I had the privilege of meeting so many traders last weekend in a trader’s conference in Lavasa, Pune. It was an excellent eye-opener for me with respect to the struggle a budding trader goes through. Different traders had different issues and wanted to talk about a common issue among traders in this post.
Many traders have the issue of closing trades too soon. Especially, as it gets closer to their intended target (or trail too close if they dont have targets). Once the stock/future reaches certain level, they seem to trail the stop much closer only to have the market take them out and then reverse to their target (or taking its original path). This seems to happen over and over (in varied intervals). They are afraid to give money back to the markets and have seen traders going for counselling for this behavior in western countries. We all understand this is a problem but a little background will help us see it more clearly.
Analysis of the problem:
This is a classic example of ‘prospect theory’ which states that people are willing to settle for a reasonable level of gains (even if they have a reasonable chance of earning more), and are willing to engage in risk-seeking behaviors where they can limit their losses. In other words, losses are weighted more heavily than an equivalent amount of gains. An employee thinks this way every time he/she looks at the paycheck and sees how much money has been deducted for taxes. He/she doesn’t want to work anymore, and earn more money, because he/she does not want to pay more taxes. Although the employee would benefit financially from the additional after-tax income, prospect theory suggests that the benefit (or utility gained) from the extra money is not enough to overcome the feelings of loss incurred by paying taxes.
Many traders wonder why consistently being profitable in stock markets is always elusive. The above mentioned problem is one of the main reasons that inhibits consistent profitability in trading. ‘Learning what to do, and actually doing what we learned (under pressure) are two different things’. And once again,it goes back to one’s desire to maximize the chance of gain, not to maximize the gain itself.Getting out of winning trades prematurely, is an obvious manifestation of this phenomena. This is also why most of the traders inherently look for ‘high winning rate’ system.
All it serves to do however, is make one feel better at that moment in time. In reality, it is to the severe detriment of our long-term performance. One has to realize that trading is a big-picture endeavor, and what feels good in the short term, is most likely counter-productive in the long term. Quite simply, leaving a large amount of money on the table, or worse yet; missing a major winning trade, is just as bad, if not worse, than a losing trade. The market however, lulls us into complacency, and even reinforces this natural behavior, because it spends more time in ranges than in trends, where small profits quickly vanish. We then learn to instinctively cover trades before they return to our entry point, or turn into losers as we would have seen this behavior many times selectively.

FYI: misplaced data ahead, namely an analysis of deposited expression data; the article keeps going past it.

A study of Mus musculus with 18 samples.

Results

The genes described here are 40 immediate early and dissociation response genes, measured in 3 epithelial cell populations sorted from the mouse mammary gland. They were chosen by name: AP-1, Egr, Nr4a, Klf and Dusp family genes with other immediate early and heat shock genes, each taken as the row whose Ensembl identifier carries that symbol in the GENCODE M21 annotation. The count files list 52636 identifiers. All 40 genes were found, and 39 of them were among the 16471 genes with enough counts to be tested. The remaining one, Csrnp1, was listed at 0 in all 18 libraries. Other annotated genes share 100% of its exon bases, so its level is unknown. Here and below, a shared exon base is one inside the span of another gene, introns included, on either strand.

What makes matters worse, is that that our exits command top priority in the trade decision hierarchy (for obvious reasons), followed by trade size, and entry point. Liquidations (exits) are far more important than initiations, and harder to get right. When we enter a trade, it is the most hopeful point in the trade cycle, but come exit time, a trader is bombarded with stress, cognitive load, emotions and bias and they all have reared their ugly heads, just in time to distort our expected value of the trade.
Having a predetermined target and sticking to it is not the answer, in my opinion. If we have specific target based exits and if it works for us, that’s great. In most cases, people are going to get out early anyway, and it is tantamount to trying to predict the market. It is more important to concentrate on projecting losses, risk management, and finding signals that produce trades that are well defined, have a proven edge, and are reproducible, rather than trying to out-guess the market.
Essentially, if price action or our expectation dictates the market should continue in our favor, why get out? And, why use a target that we’re not going to follow as our exit point? Exit the trade when price action/indicator signal tells us the trade is not good anymore.
Parting thought on this topic:
Imagine that trade management is like grilling a steak. If we like our steak well-done, we are not going to take it off the grill after 4 minutes, because we’re hungry and can’t wait for it to fully cook. And we’re not going to take it off the grill at some arbitrary time, because some cookbook said a well-done 2-inch steak should be cooked for 10 minutes. Instead, we are going to observe the steak, maybe poke it with our finger, or cut it open a little to see if it’s done. And only when it is cooked to perfection, do we take it off the grill. This applies to EVERY steak we cook. Same applies to every trade we take in the markets.
Thanks for reading and happy trading !!